Warehouses have been a crucial component for retailers, manufacturers, suppliers and many other types of businesses for decades. As a place to store and ship inventory, however, they’re highly susceptible to changes in productivity, efficiency and overall operations.
In fact, as technology has evolved to allow the , warehouses have been scrambling to keep up with industry changes. Yet the good news is, they’re doing a darn good job of it. One big reason: Ecommerce is forcing warehouses to upgrade, for greater reliability, higher efficiency and a better fit for customers.
So, how are they meeting this challenge?
Responding to demand
Over the past two decades, warehouses have evolved in the following ways:
1. Innovative storage and shipping. People are placing orders instantly, and expect faster shipping times, thanks to high levels of competition forcing better and better shipping offers. Warehouses now store more diverse ranges of products, complicating the problem; so, in response, many institutions have developed innovative new systems that make storage and shipping seamless.
Amazon, for example, has, where new items are placed on any available shelving space to save time; the result is a floor layout that makes no logical sense but can be followed using technological tracking systems. Today, this chaotic mode of storage is frequently described as one of the best, most efficient ways to approach warehouse inventory management.
2. Faster training. Warehouses have also, attempting to get employees up to speed faster and keep them moving. Overall, warehouses are more efficient these days, thanks to better technology and more innovative storage procedures. But, in order to realize that efficiency, workers must follow protocols.
These new hires at warehouses need to be trained quickly, so they can avoid disrupting the best practices and procedures that have already been established.
3. Better software. Warehouse technology has advanced enormously, almost keeping pace with developments in the ecommerce arena. There are tons of inventory-management software systems available, from basic barcoding systems, to advanced, real-time data-streaming systems that connect everything (from initial supply to shipment) in one place.
Many warehouse workers now throughout the day to connect the real world with the digital one, and supervisors can easily access inventory data (often in real time) whenever they log in. Some types of software can even produce sales projections and form intuitive conclusions about what certain data patterns mean.
4. Better tracking ability. Everything in warehouses has become more trackable, thanks in part to advancing technology. For the most part, every product that comes in moves around or goes out, and is tracked instantly with a single scan or the push of a button. At any given time, almost anyone in the organization can find out where a specific product is — with pinpoint accuracy.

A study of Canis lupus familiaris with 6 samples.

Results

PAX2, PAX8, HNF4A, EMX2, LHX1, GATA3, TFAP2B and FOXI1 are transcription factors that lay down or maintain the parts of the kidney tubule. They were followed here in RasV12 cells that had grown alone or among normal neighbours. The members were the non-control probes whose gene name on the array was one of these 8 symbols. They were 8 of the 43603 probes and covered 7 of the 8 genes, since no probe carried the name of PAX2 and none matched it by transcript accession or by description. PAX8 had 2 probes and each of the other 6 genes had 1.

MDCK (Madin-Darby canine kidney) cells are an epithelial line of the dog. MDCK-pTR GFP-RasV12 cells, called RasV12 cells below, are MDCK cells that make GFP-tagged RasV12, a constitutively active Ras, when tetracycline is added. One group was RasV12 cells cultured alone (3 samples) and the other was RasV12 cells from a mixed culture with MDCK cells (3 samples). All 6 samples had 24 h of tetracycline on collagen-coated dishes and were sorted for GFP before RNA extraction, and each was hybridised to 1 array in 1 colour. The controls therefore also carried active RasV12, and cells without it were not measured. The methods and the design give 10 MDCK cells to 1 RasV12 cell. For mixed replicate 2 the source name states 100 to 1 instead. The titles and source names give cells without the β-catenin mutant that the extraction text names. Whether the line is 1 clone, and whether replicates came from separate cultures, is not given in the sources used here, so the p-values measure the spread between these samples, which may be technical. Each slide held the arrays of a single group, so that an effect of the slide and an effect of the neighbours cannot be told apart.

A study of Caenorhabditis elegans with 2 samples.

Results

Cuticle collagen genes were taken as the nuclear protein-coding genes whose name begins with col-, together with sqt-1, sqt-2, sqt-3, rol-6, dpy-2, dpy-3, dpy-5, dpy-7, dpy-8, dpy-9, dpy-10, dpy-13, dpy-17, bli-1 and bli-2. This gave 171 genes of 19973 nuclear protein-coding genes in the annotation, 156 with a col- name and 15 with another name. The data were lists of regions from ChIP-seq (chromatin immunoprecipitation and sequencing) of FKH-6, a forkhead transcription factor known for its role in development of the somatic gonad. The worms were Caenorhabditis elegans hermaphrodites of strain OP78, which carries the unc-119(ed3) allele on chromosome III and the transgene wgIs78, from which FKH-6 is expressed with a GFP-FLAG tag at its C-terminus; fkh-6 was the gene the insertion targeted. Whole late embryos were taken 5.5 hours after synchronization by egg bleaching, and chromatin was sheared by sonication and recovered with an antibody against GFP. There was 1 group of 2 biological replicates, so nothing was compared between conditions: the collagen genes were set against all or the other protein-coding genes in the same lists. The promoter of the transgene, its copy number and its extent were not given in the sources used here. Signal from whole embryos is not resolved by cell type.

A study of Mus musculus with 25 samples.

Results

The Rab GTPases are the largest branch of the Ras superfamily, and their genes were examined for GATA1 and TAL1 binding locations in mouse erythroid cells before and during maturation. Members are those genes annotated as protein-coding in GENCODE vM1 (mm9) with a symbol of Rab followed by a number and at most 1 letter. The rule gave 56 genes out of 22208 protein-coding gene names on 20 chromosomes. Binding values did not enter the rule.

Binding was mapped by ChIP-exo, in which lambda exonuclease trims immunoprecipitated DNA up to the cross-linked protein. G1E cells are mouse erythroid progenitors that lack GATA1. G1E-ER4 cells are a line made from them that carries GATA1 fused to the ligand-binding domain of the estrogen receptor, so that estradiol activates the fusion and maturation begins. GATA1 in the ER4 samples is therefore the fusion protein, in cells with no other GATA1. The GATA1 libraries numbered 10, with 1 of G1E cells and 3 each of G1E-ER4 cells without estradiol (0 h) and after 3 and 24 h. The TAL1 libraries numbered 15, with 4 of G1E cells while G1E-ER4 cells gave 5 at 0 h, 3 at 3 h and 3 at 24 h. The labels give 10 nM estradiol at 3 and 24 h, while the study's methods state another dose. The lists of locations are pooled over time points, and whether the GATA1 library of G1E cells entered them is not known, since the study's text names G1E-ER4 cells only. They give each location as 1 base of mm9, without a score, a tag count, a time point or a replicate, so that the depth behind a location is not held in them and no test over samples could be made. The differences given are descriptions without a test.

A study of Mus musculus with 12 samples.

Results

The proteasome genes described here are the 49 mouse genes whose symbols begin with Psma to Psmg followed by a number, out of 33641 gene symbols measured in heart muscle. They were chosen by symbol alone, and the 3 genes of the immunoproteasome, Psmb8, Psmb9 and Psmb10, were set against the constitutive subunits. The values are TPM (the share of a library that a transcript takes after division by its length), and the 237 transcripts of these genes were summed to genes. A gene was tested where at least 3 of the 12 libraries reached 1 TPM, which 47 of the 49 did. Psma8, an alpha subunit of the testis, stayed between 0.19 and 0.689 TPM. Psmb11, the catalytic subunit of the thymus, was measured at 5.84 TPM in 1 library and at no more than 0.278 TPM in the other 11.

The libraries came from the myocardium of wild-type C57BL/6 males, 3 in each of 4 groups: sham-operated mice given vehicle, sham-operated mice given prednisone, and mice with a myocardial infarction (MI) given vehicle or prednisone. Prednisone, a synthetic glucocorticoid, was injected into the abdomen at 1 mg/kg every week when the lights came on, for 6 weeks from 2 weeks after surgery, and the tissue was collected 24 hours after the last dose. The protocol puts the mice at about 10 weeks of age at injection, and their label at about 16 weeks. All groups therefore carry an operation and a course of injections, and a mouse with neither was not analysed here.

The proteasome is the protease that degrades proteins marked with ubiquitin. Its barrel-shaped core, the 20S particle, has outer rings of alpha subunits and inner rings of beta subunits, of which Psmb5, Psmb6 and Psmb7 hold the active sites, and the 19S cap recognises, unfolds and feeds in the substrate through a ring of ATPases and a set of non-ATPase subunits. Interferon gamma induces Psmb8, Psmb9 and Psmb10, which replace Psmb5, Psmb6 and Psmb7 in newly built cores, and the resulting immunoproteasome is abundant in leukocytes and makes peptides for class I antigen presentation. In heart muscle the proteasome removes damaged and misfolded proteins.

This improved tracking makes it easier to avoid any product loss, which in turn keeps warehouses more efficient and enables the provision of more information to partners, suppliers and end customers.
5. Better supply relationships. Suppliers keep warehouses full of the products they need to continue operations, so good supply relationships are essential. Today’s warehousing technology makes it easier than ever to run things smoothly. Assuming some degree of technological compatibility, warehouses can instantly update suppliers about their needs and the status of various orders, and vice versa.
This open, immediate communication streamlines the process, leading to fewer errors and demanding less human attention overall.
The future of warehousing
The power and function of warehousing has already changed dramatically since ecommerce started taking off, but? Certainly, better technology will continue to be introduced. Barcodes can (and probably will) be replaced with a more innovative, easier scanning solution to tie physical products to digital information. And workers will be able to become even more mobile with wearable technology — or even augmented reality programs.
You can also expect to see greater segmentation overall; warehouses may separate sections more fully, shrinking in size to specialize in efficient product storage and delivery. They may also split inventory tracking down even further, with more precise location information.
Some of these changes will occur in sudden leaps forward (as when barcodes finally become obsolete). But for the most part, they’ll occur as gradual iterations. Ecommerce isn’t going away anytime soon, and as long as physical goods remain in circulation, warehouses will be necessary, so they’re only going to become more advanced and technologically integrated in the years to come. And that's something for businesses to celebrate.